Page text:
While I'm sure it's not as reliable as contact prints, I've been [whisper] scanning [/whisper] my negatives (shooting almost 100% 6x6 MF) to blow them up and see what I think of the composition and spot the elbows and clutter I missed when shooting. Then I pick the shots that look promising and print them in one session, usually making prints about 5 inches or so square -- that allows cutting an 11x14 sheet in half and getting a few test strips plus two prints. I make a lot of notes during that process. The test print stack gets winnowed down to the very few I think are possibly exhibition worthy. I then have a second printing session to make bigger prints of those. So far it's a big year if I have six darkroom sessions, but such stuff is expensive, so I'm going for quality, not quantity (plus I have other obsessive hobbies :D ).
As an example, a 36 exposure morning at an old iron furnace got winnowed down to four framed prints. But three were juried into shows and one of those won an award -- I've no complaints about that!
As I get some other projects out of the way and get time to bring the darkroom up to better efficiency, I will probably do a little more work in it.
Thanks everyone for your help, I'll digest your answers and hopefully I will be able to improve my printing
I spread the negs out on a light table and make my choices for enlarging. I'm just getting back into the darkroom after a long time (23 years) so I don't have a clue as to how many prints I might make. In the old days (early 70's) when I did commercial work I would print 200 or more 5x7 glossies a day to keep the publisher happy. Hard work, long hours but it paid well. Now that I'm older I could never keep up that pace.
I use 11x14 inch paper for contact prints. That is large enough to be sufficient for any format negatives which I use. If I have much wasted space on the paper, I cover it with mat board cutouts so that I can write notes with a marker in the margins.
The number of negatives actually printed varies depending on subject matter, quality, and time. I shoot mostly 4x5 and print at a ratio of 1:4 - 1:10 most of the time.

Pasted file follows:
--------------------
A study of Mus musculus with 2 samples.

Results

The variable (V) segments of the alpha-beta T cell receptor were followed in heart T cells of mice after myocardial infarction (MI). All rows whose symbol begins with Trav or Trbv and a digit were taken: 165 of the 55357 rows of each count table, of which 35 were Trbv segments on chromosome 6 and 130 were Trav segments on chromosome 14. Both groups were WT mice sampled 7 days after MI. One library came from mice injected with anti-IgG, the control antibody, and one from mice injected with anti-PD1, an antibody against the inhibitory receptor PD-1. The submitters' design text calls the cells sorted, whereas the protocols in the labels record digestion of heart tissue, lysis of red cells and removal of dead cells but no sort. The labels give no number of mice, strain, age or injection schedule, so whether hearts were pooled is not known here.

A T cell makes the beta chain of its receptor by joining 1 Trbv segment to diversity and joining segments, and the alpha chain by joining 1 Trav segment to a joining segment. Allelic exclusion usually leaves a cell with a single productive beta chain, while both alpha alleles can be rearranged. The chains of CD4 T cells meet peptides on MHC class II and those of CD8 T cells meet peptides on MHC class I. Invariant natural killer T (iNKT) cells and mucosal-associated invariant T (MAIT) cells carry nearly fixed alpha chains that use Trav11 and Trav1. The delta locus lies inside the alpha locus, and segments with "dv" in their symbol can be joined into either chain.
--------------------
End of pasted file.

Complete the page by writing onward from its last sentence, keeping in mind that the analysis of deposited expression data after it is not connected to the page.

Although this is slight heresy, I don't like to make contact prints. Too much to keep track of, too much time, etc. If I do make contact prints, I buy the cheapest 11x14 Arista RC paper and crank them out. Otherwise, I like to study large format necatives on a light box with a loupe and try to figure them out without a positive. Another form of pre-visualization I guess, like reading an x-ray. Of course, 35mm negative are another story and I would make contact prints because they are so small.
If I shoot with small format I use 24 exposures fits 8x10. Unexposed film sits in the camera for weeks or a month or two if I use a film canister with 36 exposures. Only 1 out of 10 images are worth printing. I avoid negatives not exposed correctly, not interesting, or have composition issues. Only the best get printed. If they are family shots intended to be given away more images on the roll may be printed. The more we shoot and print the luckier we are. But luck is always an element.
I keep the negatives in archive plastic pages in three ring binders. The contact prints are placed behind each set of negatives so that I can find them.
Originally Posted by jeroldharter
I have been using 8"x10" paper, but I like your idea of using 11"x14" paper for 35mm negatives.
Originally Posted by jeroldharter
I know. I used to be diligent about this. But I found that the same negs I would choose to print from the contact sheets were easily identified by inspecting the negatives. So I don't bother most of the time. If I am unsure about sharpness I will look with a 10x loupe. If I am unsure about the potential final print then I will make an 8x10 pilot print which I can do easily and that provides good information.
Originally Posted by Sirius Glass
So I figure that if I were to print 4 negs out of a batch of 12 (which is pretty good for me) then I could spend the time to make 3 contact sheets including 8 non-print candidates or make 4 pilot prints of good print candidates.
Also, I disagree with the popular notion that I need a low contrast positive to see the potential of a good negative. I believe that is helpful but not essential and learning to interpret negatives is a good skill to develop.